When valves are damaged or diseased and do not work the way they should they may need to be repaired or replaced. Conditions that may cause heart valve dysfunction are valve stenosis (stiffness) and valve regurgitation (leaky valve). When one (or more) valve(s) becomes stenotic (stiff), the heart has to work harder to pump the blood through the valve. Valves can become narrow and stiff from infection (such as rheumatic fever or staph) and aging. If one or more valves become leaky, blood leaks backwards, which means less blood is pumped in the right direction. Based on your symptoms and the overall condition of your heart, your healthcare provider may decide that the diseased valve(s) needs to be surgically repaired or replaced.
Traditionally, open-heart surgery is used to repair or replace heart valves. This means that a large incision is made in the chest and the heart stopped for a time so that the surgeon can repair or replace the valve(s). Newer, less invasive techniques have been developed to replace or repair heart valves. Minimally invasive procedures make smaller incisions, and mean less pain afterward and shorter hospital stays.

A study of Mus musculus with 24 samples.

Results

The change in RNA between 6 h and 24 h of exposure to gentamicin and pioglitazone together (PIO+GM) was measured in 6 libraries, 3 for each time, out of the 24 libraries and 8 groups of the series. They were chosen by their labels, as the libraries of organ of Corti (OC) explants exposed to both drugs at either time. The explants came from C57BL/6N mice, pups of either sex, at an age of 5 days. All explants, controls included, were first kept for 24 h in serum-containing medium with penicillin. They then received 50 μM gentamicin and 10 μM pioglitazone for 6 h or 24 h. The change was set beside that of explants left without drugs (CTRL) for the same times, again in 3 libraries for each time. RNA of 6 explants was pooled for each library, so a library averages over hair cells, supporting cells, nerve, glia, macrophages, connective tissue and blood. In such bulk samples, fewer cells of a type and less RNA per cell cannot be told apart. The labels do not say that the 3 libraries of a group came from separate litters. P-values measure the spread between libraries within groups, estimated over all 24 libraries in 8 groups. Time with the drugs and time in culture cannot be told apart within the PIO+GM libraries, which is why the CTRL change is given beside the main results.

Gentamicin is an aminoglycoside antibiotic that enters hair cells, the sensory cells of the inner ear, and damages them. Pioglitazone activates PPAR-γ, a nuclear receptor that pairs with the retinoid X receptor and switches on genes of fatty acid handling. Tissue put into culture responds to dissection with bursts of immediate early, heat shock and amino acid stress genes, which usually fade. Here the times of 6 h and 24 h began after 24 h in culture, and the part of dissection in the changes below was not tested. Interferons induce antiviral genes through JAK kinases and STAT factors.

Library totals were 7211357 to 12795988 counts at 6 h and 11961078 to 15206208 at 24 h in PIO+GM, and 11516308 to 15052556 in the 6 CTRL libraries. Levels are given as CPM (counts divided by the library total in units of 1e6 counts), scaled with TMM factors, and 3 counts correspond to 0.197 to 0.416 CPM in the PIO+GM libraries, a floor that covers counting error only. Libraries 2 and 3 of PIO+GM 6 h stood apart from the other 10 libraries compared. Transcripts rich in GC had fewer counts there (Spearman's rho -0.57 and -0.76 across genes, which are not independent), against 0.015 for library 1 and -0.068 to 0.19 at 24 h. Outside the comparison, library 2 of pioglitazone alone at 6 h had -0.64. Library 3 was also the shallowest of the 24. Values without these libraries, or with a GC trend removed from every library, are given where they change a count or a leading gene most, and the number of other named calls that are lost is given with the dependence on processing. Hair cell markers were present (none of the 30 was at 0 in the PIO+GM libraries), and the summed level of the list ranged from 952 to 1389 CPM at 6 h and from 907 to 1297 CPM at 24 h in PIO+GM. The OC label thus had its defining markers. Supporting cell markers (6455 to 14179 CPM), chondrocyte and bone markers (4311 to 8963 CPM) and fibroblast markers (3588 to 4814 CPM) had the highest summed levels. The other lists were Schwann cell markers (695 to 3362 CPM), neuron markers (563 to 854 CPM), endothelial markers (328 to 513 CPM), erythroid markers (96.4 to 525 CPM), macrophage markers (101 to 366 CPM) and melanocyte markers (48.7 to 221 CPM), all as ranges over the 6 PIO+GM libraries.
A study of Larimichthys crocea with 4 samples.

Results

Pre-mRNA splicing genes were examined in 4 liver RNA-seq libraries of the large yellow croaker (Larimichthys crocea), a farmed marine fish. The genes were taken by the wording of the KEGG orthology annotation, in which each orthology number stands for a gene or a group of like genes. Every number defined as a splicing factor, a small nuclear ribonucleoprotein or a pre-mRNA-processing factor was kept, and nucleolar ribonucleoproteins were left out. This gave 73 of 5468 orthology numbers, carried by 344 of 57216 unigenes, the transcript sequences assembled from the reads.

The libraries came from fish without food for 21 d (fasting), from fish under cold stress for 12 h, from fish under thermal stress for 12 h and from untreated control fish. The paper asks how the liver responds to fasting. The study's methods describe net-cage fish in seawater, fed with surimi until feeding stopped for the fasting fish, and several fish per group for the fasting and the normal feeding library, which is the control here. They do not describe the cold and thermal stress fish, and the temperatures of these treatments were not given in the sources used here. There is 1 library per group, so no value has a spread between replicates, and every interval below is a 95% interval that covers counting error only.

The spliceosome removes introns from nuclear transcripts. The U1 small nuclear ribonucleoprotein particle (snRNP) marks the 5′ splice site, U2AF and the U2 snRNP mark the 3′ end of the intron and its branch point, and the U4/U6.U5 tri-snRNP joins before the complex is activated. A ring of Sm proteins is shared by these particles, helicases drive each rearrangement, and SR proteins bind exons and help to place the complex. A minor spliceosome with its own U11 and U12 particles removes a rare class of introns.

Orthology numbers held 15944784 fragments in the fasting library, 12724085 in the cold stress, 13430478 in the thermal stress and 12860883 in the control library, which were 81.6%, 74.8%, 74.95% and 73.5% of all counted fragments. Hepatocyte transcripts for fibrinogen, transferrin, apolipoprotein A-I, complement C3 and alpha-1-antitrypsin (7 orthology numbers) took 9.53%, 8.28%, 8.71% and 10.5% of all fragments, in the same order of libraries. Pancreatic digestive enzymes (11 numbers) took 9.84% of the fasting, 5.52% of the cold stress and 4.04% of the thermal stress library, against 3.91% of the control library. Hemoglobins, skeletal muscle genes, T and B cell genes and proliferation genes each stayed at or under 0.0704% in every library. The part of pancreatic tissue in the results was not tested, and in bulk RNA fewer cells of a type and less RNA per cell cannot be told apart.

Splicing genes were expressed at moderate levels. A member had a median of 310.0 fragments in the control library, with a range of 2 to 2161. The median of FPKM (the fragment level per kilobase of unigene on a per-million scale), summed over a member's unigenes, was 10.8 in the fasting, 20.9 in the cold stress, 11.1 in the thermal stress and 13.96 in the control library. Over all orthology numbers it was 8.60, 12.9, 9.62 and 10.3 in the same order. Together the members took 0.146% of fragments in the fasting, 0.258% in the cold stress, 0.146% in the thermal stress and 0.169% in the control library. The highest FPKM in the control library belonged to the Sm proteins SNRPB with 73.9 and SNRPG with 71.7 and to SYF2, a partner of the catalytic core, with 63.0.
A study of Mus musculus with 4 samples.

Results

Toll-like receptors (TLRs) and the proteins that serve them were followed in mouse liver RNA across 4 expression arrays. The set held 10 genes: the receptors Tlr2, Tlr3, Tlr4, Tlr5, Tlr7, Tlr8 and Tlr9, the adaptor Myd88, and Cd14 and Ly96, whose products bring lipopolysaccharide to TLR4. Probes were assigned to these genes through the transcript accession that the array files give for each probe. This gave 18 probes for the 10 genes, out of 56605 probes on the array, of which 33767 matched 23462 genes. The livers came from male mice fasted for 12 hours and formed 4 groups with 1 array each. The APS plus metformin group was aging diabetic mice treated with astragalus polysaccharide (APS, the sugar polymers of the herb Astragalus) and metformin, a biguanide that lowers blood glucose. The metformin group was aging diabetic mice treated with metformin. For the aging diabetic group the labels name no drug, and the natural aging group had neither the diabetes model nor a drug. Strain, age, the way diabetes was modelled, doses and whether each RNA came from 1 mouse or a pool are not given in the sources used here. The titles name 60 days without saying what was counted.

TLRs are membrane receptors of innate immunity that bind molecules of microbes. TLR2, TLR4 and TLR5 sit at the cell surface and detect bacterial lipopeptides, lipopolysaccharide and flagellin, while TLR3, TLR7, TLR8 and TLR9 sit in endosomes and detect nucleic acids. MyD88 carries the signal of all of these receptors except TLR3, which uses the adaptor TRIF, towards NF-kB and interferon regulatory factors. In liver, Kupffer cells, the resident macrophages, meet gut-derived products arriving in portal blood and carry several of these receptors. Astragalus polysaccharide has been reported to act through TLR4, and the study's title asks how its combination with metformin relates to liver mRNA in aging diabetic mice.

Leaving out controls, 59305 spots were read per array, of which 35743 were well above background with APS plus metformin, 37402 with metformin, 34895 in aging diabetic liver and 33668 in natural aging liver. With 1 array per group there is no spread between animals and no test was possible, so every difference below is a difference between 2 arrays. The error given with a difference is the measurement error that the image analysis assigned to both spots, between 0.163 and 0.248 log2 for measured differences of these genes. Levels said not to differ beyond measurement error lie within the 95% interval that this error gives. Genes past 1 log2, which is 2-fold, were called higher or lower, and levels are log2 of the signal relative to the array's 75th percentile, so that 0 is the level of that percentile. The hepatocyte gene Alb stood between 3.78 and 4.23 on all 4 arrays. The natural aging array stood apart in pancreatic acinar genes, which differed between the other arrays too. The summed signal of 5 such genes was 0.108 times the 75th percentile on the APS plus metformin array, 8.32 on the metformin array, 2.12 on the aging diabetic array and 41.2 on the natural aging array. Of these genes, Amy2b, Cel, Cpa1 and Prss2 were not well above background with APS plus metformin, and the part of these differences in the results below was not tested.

The diseased valve may be repaired using a ring to support the damaged valve, or the entire valve may be removed and replaced by an artificial valve. Artificial valves may be made of carbon coated plastic or tissue (made from animal valves or human valves taken from donors). You and your healthcare provider will talk about the pros and cons of each type and what might be best for you.
Heart valve surgery may be needed if your condition is getting worse, your condition is severe or you're experiencing signs and symptoms of valve dysfunction.
Your doctor may evaluate you to determine the most appropriate treatment for your condition. If you're not experiencing signs or symptoms, or your condition is mild, your doctor may suggest monitoring your condition over time. He or she may recommend healthy lifestyle changes. You may be prescribed medications to manage any symptoms.
However, your valve may eventually need to be repaired or replaced. In some cases, doctors may recommend heart valve repair or replacement even if you're not experiencing symptoms. If you need heart surgery for another condition, doctors may conduct surgery to repair or replace the affected heart valve at the same time.